Hogg’s Anecdotes Introduced
It is with great delight that I am enabled to present to my reader in these pages, much and varied original information from the pen of the deceased poet’s intimate and long-tried friend, one who knew the inmost sentiments and feelings of Sir Walter’s heart for more than thirty years. I allude to Mr James Hogg, the celebrated Ettrick Shepherd. One delightful sketch from the same prolific and graphic pen has already appeared on this inexhaustible subject in his Altrive Tales, conceived and expressed in a style that made us regret the brevity of the notice. A continuation was, however, promised. ‘There are not above five people in the world’, observes the good old Shepherd, ‘who, I think, know Sir Walter better, or understand his character better than I do, and if I outlive him, which is likely, as I am five months and ten days younger,1 I shall draw a mental portrait of him, the likeness of which to the original shall not be disputed.’2 If anything could add to my own feelings on this subject, it is the satisfaction that I am the favoured channel through which the warm-hearted poet has chosen to give his promised sentiments to the public eye.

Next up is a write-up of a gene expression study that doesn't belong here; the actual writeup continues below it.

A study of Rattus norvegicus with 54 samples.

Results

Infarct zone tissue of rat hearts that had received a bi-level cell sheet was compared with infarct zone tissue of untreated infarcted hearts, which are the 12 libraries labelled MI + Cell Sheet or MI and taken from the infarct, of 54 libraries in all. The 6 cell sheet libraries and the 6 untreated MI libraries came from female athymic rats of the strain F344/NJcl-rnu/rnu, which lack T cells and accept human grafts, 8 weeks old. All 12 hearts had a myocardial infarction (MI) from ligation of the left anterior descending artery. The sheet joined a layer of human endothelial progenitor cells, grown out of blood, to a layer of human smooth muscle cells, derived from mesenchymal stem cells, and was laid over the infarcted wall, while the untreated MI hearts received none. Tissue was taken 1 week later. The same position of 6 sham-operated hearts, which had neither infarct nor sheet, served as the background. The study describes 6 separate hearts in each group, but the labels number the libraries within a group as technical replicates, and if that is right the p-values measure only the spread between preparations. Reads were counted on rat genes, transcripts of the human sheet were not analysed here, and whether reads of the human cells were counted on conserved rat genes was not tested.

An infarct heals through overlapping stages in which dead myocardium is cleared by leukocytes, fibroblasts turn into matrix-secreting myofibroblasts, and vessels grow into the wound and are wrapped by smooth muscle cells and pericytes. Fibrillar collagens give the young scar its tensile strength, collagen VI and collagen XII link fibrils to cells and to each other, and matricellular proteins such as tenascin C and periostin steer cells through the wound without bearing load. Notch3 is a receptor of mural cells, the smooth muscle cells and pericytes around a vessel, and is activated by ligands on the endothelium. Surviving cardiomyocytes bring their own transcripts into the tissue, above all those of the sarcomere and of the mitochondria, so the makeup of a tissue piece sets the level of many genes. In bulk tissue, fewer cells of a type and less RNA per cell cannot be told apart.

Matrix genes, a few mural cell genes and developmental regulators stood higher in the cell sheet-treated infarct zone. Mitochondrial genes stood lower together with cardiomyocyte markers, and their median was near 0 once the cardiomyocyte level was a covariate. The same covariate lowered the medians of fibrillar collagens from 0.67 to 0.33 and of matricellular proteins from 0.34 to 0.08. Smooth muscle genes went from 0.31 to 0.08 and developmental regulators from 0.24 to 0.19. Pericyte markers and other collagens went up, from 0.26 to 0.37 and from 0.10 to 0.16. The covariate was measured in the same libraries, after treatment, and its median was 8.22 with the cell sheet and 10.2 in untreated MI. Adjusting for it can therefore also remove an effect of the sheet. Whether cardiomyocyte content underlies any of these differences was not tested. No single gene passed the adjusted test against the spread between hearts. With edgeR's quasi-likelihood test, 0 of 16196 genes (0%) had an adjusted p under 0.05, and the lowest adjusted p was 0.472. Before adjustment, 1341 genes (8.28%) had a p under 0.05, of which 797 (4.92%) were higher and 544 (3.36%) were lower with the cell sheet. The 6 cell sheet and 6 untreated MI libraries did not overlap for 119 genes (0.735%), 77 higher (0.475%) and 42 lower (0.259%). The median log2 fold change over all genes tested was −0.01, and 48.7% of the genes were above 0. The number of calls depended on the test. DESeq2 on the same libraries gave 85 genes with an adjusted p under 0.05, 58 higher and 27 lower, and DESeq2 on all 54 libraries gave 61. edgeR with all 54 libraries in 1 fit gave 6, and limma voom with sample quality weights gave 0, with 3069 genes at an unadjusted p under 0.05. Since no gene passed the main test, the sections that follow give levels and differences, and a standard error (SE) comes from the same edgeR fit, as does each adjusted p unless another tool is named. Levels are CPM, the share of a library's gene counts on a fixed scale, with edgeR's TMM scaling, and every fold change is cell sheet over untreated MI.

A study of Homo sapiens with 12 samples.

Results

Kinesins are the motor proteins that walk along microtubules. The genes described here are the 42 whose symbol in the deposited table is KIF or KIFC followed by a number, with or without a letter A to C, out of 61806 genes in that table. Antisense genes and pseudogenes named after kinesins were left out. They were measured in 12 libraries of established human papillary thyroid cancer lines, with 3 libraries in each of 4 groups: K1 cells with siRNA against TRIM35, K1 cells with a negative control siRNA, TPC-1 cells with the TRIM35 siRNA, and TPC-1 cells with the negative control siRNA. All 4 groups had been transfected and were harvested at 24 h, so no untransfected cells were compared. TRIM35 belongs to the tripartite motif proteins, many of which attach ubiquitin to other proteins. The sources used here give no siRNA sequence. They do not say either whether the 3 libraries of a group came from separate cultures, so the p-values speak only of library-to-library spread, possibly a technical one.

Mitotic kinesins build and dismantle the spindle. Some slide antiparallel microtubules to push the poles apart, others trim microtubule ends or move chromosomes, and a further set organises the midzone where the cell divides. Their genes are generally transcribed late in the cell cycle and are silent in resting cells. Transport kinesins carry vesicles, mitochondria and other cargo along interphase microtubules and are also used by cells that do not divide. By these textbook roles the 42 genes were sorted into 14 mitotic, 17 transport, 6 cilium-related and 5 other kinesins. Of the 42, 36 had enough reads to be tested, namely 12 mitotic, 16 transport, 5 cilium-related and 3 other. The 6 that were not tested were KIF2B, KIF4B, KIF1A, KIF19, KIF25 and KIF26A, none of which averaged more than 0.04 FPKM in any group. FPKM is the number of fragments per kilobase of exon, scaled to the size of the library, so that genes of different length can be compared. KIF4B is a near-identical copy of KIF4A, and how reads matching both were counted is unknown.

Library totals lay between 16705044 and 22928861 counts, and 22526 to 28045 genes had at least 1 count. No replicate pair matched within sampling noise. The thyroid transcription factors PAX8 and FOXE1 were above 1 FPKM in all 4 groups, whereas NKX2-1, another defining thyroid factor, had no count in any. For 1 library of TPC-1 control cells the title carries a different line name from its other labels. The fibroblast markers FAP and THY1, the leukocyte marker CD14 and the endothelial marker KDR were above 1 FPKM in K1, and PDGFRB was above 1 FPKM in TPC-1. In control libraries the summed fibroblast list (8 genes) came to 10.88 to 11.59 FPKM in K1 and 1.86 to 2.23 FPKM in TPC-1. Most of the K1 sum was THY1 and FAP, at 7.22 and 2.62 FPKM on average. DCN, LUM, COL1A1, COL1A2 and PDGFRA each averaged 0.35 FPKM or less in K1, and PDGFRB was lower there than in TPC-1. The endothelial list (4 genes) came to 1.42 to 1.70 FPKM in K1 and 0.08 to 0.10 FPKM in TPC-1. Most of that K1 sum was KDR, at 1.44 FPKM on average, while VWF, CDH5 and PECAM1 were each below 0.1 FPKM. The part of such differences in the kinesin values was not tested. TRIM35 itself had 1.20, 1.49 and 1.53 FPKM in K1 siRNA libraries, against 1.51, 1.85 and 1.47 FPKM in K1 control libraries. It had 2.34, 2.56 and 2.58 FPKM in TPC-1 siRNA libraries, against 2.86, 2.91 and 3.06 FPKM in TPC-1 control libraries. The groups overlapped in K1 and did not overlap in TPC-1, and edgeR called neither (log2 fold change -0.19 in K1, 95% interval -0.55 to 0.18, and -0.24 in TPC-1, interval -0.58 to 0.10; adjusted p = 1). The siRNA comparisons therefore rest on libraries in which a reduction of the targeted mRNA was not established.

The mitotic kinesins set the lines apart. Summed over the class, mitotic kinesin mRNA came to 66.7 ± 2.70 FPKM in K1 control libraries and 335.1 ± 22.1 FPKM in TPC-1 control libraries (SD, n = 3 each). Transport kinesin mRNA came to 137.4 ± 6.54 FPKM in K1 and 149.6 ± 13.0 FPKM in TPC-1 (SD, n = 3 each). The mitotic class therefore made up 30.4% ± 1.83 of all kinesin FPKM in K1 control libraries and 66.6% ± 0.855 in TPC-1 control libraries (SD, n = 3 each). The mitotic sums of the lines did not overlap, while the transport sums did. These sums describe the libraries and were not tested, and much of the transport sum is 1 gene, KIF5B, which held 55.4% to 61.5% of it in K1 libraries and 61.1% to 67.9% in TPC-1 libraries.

It will be seen in these notices from Mr Hogg’s pen, which I shall make use of in the proper places, that he has, while he admits all the lights which belong to so glorious a picture as that which he has painted, he has [sic] not spared the darker tints which give effect to a composition of mere mortality, and thus, in his faithful narrative, the character of the subject of this memoir will be represented as it really was: ‘nothing is extenuated, or aught set down in malice’.3 It will be nothing new to the reader to know that Sir Walter shared with his fellow man, many of the faults inseparable from human nature, and that, amid all the vast intellectual capabilities which he
1. Macrone’s footnote: Little did ‘the mountain bard’ imagine when he penned the above pleasantry, that he would indeed survive his lamented friend, and draw so faithful a picture!
2. Hogg, James  (2003), Altrive Tales, ed. Gillian Hughes, Edinburgh: Edinburgh University Press, p. 64.
3. ‘Nothing extenuate, / Nor set down aught in malice’ (Othello V, ii, 335–6).